Richmond Casino Suffers Setback

Written By Russ Mitchell on August 9, 2022 - Last Updated on August 1, 2023
Richmond Virginia Casino

Efforts to build a fifth Virginia casino remain on track even if a vote in Richmond has to wait until 2023. One Resort + Casino developers asked the city of Richmond to wait a year before asking voters to approve a casino there.

The pause marks a shift from just two months ago. In June, the city and project developers were ready to go to court. It’s the only way they can get a casino vote on the Nov. 8, 2022 ballot.

A Virginia budget amendment blocked the November 2022 Richmond casino vote.

“We’re disappointed the Virginia General Assembly has amended the state budget in a way that will deliberately harm the City of Richmond by denying economic opportunities for its residents,” Richmond Mayor Levar Stoney said at the time.

“Our City Council voted 8-1, and the Circuit Court has ordered, that Richmond voters should have the opportunity to be heard on this issue in November. We are still assessing our legal options, but remain firm in our belief that the citizens of Richmond should not be disenfranchised just months before they would have the opportunity to vote.”

Richmond casino owners slow down timeline

Project supporters decided they couldn’t win a lawsuit in time for a fall vote anyway. Media conglomerate Urban One Inc. sees an easier path in 2023.

Urban One already has a pair of cable networks and more than 60 radio broadcast stations. Adding One Resort + Casino would make the venue the first Black majority-owned casino in the US.

But Urban One made the delay in their Richmond casino bid official on Thursday, Aug. 4, saying:

“Despite strong legal arguments to support moving forward in 2022, we have asked our partner, the City of Richmond, to withdraw their petition for a November 2022 ballot referendum because we feel a long protracted legal dispute at this time does not best serve the citizens of Richmond or the State of Virginia. We are now focused on winning the Richmond casino referendum in 2023.”

A closer look at One Resort + Casino plans

If Richmond voters sign off on 2023 casino plans, One Resort + Casino becomes the fifth Virginia casino. It would draw about 3.7 million guests each year, according to the project’s official website.

One Resort + Casino would have a South Richmond location near the Philip Morris manufacturing center and Interstate 95.

Developers could change plans with the new timeline. But, for now, project details call for 100,000 square feet of gaming space including:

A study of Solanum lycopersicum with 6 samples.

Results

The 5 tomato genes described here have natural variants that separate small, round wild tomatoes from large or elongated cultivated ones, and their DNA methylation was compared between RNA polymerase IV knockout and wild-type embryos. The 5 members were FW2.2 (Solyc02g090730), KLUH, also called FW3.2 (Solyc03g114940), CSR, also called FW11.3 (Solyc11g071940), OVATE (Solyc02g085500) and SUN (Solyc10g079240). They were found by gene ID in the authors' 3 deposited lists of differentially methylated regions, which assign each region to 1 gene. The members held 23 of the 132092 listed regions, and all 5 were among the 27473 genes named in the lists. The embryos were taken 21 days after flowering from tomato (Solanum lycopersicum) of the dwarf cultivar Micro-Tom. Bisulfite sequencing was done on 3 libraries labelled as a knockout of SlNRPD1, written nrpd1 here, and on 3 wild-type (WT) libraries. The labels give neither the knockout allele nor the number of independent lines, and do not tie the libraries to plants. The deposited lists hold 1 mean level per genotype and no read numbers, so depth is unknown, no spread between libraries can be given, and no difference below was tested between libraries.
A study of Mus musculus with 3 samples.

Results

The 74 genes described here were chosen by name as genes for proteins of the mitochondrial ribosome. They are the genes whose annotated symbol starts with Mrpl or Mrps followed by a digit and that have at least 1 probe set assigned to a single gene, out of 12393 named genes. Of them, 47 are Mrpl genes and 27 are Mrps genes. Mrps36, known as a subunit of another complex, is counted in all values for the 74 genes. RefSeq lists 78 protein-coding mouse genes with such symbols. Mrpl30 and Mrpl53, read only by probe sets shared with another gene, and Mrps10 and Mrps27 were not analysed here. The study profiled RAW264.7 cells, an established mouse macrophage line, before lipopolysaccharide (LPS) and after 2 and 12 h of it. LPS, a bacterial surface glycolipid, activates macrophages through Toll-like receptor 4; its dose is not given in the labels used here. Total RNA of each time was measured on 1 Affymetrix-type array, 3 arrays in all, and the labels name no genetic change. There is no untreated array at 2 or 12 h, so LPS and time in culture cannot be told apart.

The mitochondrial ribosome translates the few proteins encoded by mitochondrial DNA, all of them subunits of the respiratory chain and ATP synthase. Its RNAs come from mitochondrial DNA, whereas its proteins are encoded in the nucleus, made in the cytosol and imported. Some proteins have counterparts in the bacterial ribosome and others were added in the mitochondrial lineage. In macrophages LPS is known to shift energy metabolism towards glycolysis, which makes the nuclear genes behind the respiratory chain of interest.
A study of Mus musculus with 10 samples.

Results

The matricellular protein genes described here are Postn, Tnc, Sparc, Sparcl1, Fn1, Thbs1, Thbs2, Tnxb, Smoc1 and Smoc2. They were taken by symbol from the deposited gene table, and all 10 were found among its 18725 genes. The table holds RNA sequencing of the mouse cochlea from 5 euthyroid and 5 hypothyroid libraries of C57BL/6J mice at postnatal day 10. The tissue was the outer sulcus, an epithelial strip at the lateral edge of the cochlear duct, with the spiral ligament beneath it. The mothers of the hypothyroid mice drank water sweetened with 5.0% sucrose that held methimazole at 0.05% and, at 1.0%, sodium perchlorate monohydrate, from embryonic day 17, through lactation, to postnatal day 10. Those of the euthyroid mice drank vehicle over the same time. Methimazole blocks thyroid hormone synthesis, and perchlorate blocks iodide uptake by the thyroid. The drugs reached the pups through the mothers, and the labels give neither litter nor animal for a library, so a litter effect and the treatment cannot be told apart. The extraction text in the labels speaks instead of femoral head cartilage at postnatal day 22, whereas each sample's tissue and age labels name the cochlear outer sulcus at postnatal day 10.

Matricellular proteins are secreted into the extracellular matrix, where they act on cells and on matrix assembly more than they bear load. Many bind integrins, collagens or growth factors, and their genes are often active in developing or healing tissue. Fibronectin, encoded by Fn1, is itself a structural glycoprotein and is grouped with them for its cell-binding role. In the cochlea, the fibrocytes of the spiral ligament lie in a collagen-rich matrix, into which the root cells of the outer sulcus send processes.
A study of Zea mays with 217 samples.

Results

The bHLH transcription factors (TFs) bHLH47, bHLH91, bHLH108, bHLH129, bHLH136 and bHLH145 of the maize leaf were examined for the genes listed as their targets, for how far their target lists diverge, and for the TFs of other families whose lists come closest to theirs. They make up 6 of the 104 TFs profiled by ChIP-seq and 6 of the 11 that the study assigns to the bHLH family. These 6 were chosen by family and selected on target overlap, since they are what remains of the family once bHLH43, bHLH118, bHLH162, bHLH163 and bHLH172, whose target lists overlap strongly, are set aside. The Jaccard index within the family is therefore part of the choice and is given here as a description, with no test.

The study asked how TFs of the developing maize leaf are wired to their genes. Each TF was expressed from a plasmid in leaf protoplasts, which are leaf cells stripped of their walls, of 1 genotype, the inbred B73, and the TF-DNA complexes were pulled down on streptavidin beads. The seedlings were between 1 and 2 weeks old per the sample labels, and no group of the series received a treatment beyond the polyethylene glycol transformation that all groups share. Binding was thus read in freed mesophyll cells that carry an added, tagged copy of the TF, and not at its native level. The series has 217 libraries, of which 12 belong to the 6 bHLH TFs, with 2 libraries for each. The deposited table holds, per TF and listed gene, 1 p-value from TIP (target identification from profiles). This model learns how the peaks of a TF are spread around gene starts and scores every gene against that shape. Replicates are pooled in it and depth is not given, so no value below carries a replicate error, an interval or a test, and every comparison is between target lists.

• More than 1,800 slot machines
  • Over 100 table games
  • A poker room
  • And a high-tech sportsbook

Legacy Tower includes 250 hotel rooms with a city view. The resort also features a business center, fitness room and 55 acres of green space. Developers designed Rise Theater to welcome more than 250,000 guests for 200 live shows.

One Resort + Casino plans call for 15 distinct restaurants and bars as well.

Peninsula Pacific Entertainment would operate the $565 million casino complex.

Richmond was only city to vote down a Virginia casino

The Virginia gaming industry went 4-for-4 in 2020 when residents approved casinos in Bristol, Danville, Norfolk and Portsmouth.

Richmond was the only other Virginia city with permission to hold a casino vote. It landed on the November 2021 ballot.

Voters in the capital city didn’t give plans majority support. Since then, Petersburg, about 20 miles south of Richmond, emerged as a potential location. They don’t have state authorization to build a casino, however.

Chris Suarez of the Richmond Times was on hand Thursday night when Urban One CEO Alfred Liggins announced the 2023 vote.

“This has created a legal conflict and a huge cloud of doubt,” Liggins told about 100 people Thursday night.

The CEO said a lawsuit to get it onto the 2022 ballot “would probably not get decided in time for us to have early voting in late September.”


Russ Mitchell covered news and sports in Iowa since 1997, including 11 years as managing editor for one of the most decorated community newspapers in the state. He joined PlayIA as a lead writer and managing editor in 2021. He anxious to explore the growing Virginia gaming industry.